1954 Cadillac “Die Valkyrie” designed by Brooks Stevens, coachwork by Spohn
In 1952, a Cleveland real estate baron named Metzenbaum wanted a modern car with the spirit of the great early-1940s. He wanted the luxury of the Lincoln Continental and the power of Cadillac's brilliant overhead-valve V-8, first offered for 1949. Famed Milwaukee-based industrial designer Brooks Stevens did the rest.
The result was called Die Valkyrie, after Brunhilde and the other mythical "sisters of the wind" immortalized in Wagnerian opera. Per Metzenbaum's wishes, Stevens began with the 125-inch-wheelbase chassis and 331-cubic-inch V-8 of the contemporary Cadillac Series Sixty-Two.
Leaving both pretty much alone, he replaced the stock body with a striking four-seat steel convertible shell bearing rakish long-hood/short-deck proportions and both a solid removable roof panel and a skimpy "rag top." The last, Stevens recalled, was only for "getting you home if it started to rain."
Die Valkyrie's most radical aspect by far was its huge, sharply vee'd combination bumper/grille, deliberately chosen to emphasize what was under the hood. One wag snidely termed it a "snowplow," but at least it was different. Small parking lamps were set into the V's wide outriggers, which bisected the headlamps before wrapping around to continue as side moldings.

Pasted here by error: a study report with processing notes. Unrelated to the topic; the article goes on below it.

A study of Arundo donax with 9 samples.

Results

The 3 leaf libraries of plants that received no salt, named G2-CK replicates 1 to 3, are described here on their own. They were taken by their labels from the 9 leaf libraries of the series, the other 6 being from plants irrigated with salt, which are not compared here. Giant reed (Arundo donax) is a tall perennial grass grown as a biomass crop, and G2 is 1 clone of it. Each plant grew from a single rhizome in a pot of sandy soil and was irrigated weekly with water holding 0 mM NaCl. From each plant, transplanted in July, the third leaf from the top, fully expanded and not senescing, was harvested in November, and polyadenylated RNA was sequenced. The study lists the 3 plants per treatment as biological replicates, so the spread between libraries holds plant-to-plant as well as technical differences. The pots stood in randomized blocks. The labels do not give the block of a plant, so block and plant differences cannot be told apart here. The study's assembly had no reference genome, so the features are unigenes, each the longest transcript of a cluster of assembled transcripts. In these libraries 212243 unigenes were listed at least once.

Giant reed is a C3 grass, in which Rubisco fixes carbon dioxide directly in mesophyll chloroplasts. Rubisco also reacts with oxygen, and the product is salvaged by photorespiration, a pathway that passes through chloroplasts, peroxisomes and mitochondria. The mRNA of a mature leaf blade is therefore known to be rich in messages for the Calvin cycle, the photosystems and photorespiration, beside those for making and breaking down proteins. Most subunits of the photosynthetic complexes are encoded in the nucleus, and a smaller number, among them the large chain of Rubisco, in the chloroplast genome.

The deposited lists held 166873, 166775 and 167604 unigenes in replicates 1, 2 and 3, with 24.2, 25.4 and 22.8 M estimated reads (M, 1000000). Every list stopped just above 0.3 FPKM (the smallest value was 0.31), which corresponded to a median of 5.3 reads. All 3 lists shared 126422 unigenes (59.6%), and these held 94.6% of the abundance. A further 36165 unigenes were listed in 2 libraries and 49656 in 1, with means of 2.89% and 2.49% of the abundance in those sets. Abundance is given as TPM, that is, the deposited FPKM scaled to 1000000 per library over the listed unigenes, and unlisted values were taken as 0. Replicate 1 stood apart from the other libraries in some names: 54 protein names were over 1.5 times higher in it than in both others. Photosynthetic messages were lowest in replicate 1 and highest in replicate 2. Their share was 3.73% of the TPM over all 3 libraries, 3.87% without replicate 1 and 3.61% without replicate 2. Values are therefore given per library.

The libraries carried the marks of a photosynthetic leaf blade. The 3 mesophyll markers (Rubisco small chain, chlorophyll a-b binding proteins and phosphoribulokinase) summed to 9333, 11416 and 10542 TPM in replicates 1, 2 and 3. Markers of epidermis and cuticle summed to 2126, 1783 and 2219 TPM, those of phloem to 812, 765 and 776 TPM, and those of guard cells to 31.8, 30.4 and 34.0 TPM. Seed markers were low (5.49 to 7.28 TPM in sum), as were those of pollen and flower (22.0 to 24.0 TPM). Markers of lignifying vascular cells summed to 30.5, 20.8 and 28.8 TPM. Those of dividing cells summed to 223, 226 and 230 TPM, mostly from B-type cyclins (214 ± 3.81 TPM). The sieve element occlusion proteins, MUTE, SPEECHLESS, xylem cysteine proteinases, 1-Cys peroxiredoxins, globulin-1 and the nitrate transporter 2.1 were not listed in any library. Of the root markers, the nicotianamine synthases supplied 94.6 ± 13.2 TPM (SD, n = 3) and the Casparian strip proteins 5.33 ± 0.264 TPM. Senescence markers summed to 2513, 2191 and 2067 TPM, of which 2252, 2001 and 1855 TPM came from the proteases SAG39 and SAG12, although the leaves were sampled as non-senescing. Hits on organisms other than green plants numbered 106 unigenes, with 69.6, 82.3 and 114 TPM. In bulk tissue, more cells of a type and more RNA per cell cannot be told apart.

Several elements make Die Valkyrie look a lot newer now than it actually is. Recessed cowled headlamps and a flat hood nearly level with the front fenders forecast Big Three styling by at least three years. In the 1960s, Cadillac itself would adopt taillights much like Die Valkyrie's compact, vertically vee'd units.
This was also Stevens' first use of the "Washington coach" door line with its distinctive upward sweep that not only concealed long door openings (for easier back-seat access) but made a natural two-tone color break — highlighted in the starkest possible way with white forward and black rearward. Fan-motif inner door panels were equally distinctive. The dash was stock 1953 Cadillac.
To build Die Valkyrie, Stevens enlisted the Spohn Works of Ravensburg, West Germany, mainly for its meticulous craftsmanship. Metzenbaum made noises about backing up 100 copies, and the car did cause a minor stir at the 1953 Paris Auto Show, but just six Die Valkyries would ever be built.
Stevens believes only three came to the U.S. The one shown here, number two, was once driven by Mrs. Stevens. You can see it at the Brooks Stevens Museum in suburban Mequon, Wisconsin, just north of Milwaukee.